Esterhazy Quartet Marks 20 Years at Berklee

Front row, from the left:  Esterhazy Quartet members Eva Szekely, Juile Rosenfeld, Leslie Perna, and Eli Lara. Back row: Student composers Sarah Chong Kar Ann and Nikhil Singh, professor Andrew List, and students Matt Scutchfield and Jordan Kerr.

In October 2016, the Esterhazy Quartet marked their 20th visit to Berklee to work with student and faculty composers. Andrew List, a professor in the Composition Department, developed the idea for the residency in 1996 to offer students the opportunity to explore and write in the string quartet genre and to gain experience hearing their music performed and critiqued by a world-class ensemble. During the past two decades, the quartet has performed and recorded more than 223 student compositions. Many past student participants have since launched careers as composers. List organizes and oversees every aspect of the quartet’s residency from selecting the student scores to booking concert halls to arranging for video recording of the events.

During the weeklong residency, the Esterhazy Quartet presents four events. The focal point is the reading and recording of student compositions. In a very intensive masterclass setting, the quartet plays, discusses, and records each composition. The process helps students develop their compositional skill and technique and gain vital experience working with top-notch performers. The videotaped sessions and materials are later housed in the media center where they become a study resource for all students. The quartet also presents a lecture discussing new compositions by living composers and illustrating important aspects of string quartet writing.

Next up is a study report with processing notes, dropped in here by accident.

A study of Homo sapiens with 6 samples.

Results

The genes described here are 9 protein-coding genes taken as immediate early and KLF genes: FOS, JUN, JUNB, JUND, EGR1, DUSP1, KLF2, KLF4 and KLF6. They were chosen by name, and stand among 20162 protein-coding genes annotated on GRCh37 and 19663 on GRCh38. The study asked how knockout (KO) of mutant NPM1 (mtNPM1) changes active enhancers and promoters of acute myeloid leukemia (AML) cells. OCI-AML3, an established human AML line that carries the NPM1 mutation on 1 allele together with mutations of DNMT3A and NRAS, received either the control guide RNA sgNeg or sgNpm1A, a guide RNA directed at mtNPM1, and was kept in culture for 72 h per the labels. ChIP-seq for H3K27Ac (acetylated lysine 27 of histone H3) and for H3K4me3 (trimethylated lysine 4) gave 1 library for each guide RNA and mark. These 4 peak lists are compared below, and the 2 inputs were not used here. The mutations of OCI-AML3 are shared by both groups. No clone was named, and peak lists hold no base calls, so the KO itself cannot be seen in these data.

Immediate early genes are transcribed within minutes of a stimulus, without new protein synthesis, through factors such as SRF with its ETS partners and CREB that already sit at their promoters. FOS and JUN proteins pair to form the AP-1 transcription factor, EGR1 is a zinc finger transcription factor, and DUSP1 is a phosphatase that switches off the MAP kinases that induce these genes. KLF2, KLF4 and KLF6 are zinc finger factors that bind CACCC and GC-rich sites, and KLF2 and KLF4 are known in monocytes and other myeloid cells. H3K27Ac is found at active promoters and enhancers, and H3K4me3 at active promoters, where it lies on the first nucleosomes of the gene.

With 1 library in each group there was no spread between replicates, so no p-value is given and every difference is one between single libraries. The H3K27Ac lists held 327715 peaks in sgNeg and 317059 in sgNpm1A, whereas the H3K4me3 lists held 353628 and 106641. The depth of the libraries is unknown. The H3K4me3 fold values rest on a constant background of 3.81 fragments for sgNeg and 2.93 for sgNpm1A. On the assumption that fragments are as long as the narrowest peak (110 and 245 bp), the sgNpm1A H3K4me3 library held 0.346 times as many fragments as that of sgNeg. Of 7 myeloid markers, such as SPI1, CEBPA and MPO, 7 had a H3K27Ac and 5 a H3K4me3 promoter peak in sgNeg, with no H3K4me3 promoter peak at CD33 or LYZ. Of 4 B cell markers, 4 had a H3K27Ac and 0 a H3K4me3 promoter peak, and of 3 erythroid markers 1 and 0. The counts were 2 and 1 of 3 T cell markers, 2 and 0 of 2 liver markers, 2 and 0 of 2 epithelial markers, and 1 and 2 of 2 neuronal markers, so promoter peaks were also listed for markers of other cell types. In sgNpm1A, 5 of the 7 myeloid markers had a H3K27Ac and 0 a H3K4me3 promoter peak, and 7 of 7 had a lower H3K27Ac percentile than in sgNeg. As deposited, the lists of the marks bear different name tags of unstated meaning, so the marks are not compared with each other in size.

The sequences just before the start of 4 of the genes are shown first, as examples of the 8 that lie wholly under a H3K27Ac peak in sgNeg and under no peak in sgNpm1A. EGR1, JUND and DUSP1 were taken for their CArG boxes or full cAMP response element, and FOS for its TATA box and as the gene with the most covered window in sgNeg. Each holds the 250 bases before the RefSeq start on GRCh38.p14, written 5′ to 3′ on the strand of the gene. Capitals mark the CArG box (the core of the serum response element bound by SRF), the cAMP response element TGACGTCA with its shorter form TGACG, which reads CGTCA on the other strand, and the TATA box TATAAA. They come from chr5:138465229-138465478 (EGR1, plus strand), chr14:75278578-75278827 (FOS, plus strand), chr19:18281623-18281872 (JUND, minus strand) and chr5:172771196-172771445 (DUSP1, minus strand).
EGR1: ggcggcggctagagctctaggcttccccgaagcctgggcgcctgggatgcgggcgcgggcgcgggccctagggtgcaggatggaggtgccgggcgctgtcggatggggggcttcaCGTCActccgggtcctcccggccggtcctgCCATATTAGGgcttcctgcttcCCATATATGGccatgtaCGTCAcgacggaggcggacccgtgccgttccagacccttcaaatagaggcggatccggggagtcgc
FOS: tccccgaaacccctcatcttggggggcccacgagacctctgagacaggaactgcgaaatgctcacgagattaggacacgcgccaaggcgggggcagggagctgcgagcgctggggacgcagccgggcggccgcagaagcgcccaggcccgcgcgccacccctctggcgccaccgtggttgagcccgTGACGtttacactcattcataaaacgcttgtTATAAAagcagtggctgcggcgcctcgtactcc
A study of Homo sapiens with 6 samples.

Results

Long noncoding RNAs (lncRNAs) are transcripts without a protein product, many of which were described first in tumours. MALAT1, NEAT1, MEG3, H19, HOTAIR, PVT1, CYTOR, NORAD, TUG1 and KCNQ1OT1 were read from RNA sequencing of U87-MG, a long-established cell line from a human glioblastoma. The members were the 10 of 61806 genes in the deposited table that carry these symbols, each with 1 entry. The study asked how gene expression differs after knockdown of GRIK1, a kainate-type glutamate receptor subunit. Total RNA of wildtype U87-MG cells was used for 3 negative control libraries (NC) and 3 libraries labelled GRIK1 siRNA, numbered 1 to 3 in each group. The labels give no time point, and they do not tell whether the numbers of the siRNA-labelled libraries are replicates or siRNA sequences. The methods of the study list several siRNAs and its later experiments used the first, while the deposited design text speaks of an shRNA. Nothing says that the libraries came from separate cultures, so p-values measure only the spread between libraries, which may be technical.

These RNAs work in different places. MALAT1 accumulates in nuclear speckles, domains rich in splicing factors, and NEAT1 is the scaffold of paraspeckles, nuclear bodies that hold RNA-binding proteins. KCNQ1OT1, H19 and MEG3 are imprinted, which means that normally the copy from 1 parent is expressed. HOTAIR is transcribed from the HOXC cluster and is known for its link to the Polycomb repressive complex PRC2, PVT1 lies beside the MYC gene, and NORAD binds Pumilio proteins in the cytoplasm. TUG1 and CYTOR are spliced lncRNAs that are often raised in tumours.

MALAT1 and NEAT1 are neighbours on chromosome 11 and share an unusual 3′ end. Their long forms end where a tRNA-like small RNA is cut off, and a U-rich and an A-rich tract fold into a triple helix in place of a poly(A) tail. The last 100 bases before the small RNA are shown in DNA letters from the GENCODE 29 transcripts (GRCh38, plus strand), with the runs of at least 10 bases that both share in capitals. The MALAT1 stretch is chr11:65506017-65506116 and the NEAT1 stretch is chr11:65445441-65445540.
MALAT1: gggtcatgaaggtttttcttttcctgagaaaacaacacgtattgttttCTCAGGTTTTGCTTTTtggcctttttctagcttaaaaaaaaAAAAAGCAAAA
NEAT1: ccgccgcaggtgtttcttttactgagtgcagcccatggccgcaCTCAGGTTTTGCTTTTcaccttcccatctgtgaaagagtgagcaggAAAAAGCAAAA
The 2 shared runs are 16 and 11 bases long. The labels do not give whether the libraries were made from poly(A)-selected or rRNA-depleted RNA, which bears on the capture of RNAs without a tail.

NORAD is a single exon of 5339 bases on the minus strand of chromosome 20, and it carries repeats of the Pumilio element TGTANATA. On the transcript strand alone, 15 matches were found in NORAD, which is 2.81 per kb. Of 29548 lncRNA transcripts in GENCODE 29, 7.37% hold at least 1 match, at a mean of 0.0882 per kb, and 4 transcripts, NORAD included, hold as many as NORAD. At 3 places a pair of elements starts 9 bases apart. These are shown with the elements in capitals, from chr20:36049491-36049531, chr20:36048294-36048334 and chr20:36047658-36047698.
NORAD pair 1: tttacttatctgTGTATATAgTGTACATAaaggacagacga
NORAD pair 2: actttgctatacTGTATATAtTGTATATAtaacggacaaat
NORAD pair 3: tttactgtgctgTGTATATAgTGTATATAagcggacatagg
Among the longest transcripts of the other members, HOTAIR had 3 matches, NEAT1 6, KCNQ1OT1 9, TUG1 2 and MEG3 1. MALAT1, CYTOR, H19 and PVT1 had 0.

The Esterhazy Quartet was formed in 1968 as the ensemble in residence of the University of Missouri. The group is widely recognized for its commitment to performing and promoting the music of our time—especially modern music of the Americas. They are credited with commissioning, premiering, and recording several new American string quartets.

“Having a piece read by the Esterhazy Quartet was beyond illuminating,” student composer Nakhil Singh says. “The chance to have such remarkable musicians not only examine the music carefully, but also play it and respond to it organically, made me consider things I would never otherwise have thought to address in my writing.”